Report: Lab Managers Obstructed Probe
ALBUQUERQUE, N.M. (AP) _ Internal investigators at one of the nation’s nuclear weapons labs were obstructed by higher-ups, according to a summary of the report released by Sandia National Laboratories.
The summary, released Friday, questions the lab management’s handling of several security investigations, including a set of master keys that disappeared for several days.
While the investigators were obstructed in one case, they were not retaliated against, the report said. It also noted that Sandia officials had taken steps to correct errors.
``Did the report uncover any mistakes or problems? Yes,″ said former New Mexico U.S. Attorney Norman Bay, an author of the report, which was commissioned by the lab. ``But Sandia is taking vigorous steps to correct any problems.″
Previous reviews by the lab and the National Nuclear Security Administration found management problems affecting security, including instances when supervisors failed to follow up on tips from investigators.
The report released Friday is a summary of a review that the lab does not plan to publicly release, citing personnel reasons.
Sen. Charles Grassley, R-Iowa, who has seen the full report, last week called it a whitewash, saying it failed to address some troubling issues.
But Bay said the report’s authors were not commissioned to comprehensively investigate security at the lab.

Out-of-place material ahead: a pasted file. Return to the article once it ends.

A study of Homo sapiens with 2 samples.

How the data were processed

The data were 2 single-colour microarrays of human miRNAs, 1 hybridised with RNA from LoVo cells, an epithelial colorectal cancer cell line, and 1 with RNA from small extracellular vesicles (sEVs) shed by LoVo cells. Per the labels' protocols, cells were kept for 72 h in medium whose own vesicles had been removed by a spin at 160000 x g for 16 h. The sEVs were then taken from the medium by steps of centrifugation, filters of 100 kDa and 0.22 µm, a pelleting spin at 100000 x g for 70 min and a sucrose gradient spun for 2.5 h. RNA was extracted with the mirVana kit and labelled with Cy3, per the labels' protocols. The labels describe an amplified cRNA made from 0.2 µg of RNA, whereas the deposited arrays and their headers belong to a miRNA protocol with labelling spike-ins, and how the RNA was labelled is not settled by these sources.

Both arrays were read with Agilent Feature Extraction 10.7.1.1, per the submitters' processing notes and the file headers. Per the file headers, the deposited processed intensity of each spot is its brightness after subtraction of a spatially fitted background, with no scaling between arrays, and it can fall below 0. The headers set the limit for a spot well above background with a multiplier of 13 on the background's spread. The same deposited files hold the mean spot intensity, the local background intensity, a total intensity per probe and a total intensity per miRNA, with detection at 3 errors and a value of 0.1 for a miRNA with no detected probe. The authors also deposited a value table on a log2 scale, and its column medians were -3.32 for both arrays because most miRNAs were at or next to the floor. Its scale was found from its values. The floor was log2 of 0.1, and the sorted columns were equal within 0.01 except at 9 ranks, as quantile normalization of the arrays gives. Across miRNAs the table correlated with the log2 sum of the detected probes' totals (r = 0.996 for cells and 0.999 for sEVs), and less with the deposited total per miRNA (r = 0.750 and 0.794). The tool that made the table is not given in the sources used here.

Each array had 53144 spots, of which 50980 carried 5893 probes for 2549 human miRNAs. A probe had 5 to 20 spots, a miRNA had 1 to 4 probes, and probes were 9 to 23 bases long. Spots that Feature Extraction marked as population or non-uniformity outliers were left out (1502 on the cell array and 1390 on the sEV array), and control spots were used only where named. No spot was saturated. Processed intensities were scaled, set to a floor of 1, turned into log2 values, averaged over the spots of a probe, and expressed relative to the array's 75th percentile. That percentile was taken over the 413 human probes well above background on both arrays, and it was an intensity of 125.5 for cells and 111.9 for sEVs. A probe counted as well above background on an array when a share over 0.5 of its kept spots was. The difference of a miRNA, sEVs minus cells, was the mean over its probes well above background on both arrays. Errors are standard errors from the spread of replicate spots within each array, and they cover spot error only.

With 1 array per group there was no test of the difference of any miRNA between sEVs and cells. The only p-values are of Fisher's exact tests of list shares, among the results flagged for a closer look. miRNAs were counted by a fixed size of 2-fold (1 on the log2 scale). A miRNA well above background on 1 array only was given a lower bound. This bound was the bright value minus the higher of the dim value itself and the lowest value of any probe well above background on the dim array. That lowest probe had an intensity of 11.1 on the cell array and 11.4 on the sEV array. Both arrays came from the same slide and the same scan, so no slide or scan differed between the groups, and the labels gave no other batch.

Sandia commissioned the review in August after internal investigators Pat O’Neill and Mark Ludwig went to upper management with criticisms of lab security. In March, lab President C. Paul Robinson went public with some of the security concerns, including the missing master keys.
The report concluded that O’Neill and Ludwig were obstructed during an investigation into a lab employee who improperly obtained salary information on a colleague. The report said two witnesses were told not to volunteer information and one department destroyed a computer hard drive days after it had been assigned to the investigation.
On Tuesday, Dave Nokes, Sandia’s vice president for national security and arms control, announced his retirement. Robinson said the move was prompted by findings that Nokes’ office impeded an internal security investigation.
O’Neill and Ludwig also accused supervisors of retaliating against them for pressing investigations, but the report concluded that those claims were unfounded.
The master keys went missing for several days in May 2000. After the incident was publicized Sandia managers said that classified information was never endangered. But they recently announced that they are replacing all the locks in the affected area.
The summary cited other two incidents that ``amounted to an obvious red flag″ that Sandia’s security force needed ``strong, corrective management action.″
In the spring of 2001, 13 on-duty security officers were caught on tape watching television, reading, talking on the telephone and, in the case of two guards, taking naps in a conference room.
Also in 2001, a security officer was caught on surveillance video taking a bag out of a room where investigators had placed ``bait″ computer equipment to catch would-be thieves. The equipment was gone after the officer left the room.
Dennis Miyoshi, Sandia’s director of safeguards and security, said the report has been distributed to lab managers, who have been instructed to apply its recommendations.